I was shocked.
I read all the odds. I knew that I had a greater chance of getting struck by lightning, twice. I knew that I had a greater chance of hitting a hole-in-one twice in a row on a golf course (not miniature). I knew that virtually every person in the participating states had purchased a ticket.
But still. I thought that my lone ticket was THE one.
I didn’t buy hundreds of tickets. Just the one. That was my token nod to God. My “Check-out-this-burst-of-absolute-faith!” ploy. It didn’t work.
I also spent a great deal of time imagining how I would spend the money. Of course, I would be humble about it. Keep it secret for a bit. Maintain my innate sense of nobility. I wouldn’t quit my job – at least not right away. But I would hire a driver to take me there. And get a better car.
I’d treat my family to a vacation and try out first class.
Maybe buy a house on a ranch. With a staff. And a boat.
Again, nothing totally crazy.
Oh and the charity! Forget the investments. I would be Mother Freakin’ Theresa with the good I would bestow upon the Earth!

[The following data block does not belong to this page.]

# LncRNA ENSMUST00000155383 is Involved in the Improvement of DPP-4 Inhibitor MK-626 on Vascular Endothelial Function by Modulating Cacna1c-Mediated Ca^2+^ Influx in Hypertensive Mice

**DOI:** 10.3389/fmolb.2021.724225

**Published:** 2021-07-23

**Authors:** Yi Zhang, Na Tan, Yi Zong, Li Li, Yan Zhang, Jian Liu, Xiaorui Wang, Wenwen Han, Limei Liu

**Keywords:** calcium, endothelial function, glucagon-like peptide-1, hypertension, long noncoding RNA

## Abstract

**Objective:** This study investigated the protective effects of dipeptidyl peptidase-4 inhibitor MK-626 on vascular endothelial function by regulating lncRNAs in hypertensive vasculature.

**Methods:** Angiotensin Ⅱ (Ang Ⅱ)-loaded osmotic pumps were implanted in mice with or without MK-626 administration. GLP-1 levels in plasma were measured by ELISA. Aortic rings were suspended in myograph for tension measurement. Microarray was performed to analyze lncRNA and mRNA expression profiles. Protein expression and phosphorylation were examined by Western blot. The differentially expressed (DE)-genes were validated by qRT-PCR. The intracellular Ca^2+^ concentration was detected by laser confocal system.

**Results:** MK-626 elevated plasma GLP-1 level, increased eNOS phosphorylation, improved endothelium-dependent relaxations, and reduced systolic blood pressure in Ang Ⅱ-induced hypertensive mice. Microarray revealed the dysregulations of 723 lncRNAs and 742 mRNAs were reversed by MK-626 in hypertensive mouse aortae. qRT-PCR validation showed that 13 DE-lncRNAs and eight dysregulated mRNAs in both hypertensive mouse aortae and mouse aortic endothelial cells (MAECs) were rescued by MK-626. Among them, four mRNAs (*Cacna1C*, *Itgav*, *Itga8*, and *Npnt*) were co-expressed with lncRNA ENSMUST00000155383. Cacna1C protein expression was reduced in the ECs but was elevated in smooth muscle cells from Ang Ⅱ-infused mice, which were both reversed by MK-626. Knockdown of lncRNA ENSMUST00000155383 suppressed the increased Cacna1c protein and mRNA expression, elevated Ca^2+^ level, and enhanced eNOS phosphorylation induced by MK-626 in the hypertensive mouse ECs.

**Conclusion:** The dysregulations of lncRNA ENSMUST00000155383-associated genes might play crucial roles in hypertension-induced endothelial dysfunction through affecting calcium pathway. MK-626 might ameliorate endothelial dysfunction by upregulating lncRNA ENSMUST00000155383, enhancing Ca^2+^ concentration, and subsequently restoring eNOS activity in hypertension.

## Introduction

But with all that, all my good intentions, I didn’t win.
So much for faith.
But not winning the Powerball (which is becoming an unfortunate habit) got me thinking about how everyone spends their virtual millions. I can’t be alone in this. Surely everyone plans and dreams and hopes, even though it might not happen. Odds are that it won’t ever.
(Cue the preachy “Appreciate-What-You-Have” overture.)
Maybe my time would have been better spent to plan what to do when I don’t win. When the dream is dashed and the numbers don’t match, I go back to my plain old life, my day-in and day-out mediocrity. I fly coach and commute to work. Go grocery shopping and eat fast food. My post-windfall life seems so much easier and so much sweeter to imagine than waking up the next morning at 6 AM and starting another work week. It is reality, and while it’s a nice diversion to delve into the fantasy of the what-ifs hiding behind the Powerball jackpot, in truth, it just reminds me to focus on the what-nows instead.
Because after the numbers are called, and I go back to work, it should be with a shrug and a smile, not a grimace and fist waved at God.It should be a with the recognition that the life I have now – healthy kids, solid friends, opportunities all around – is also somewhat odds-defying. Losing Powerball just reminds me to keep looking for that everyday.
That doesn’t mean I won’t be buying another ticket when the jackpot gets big.
Just one, of course.
Because God knows I could really change the world with that kind of money, you know?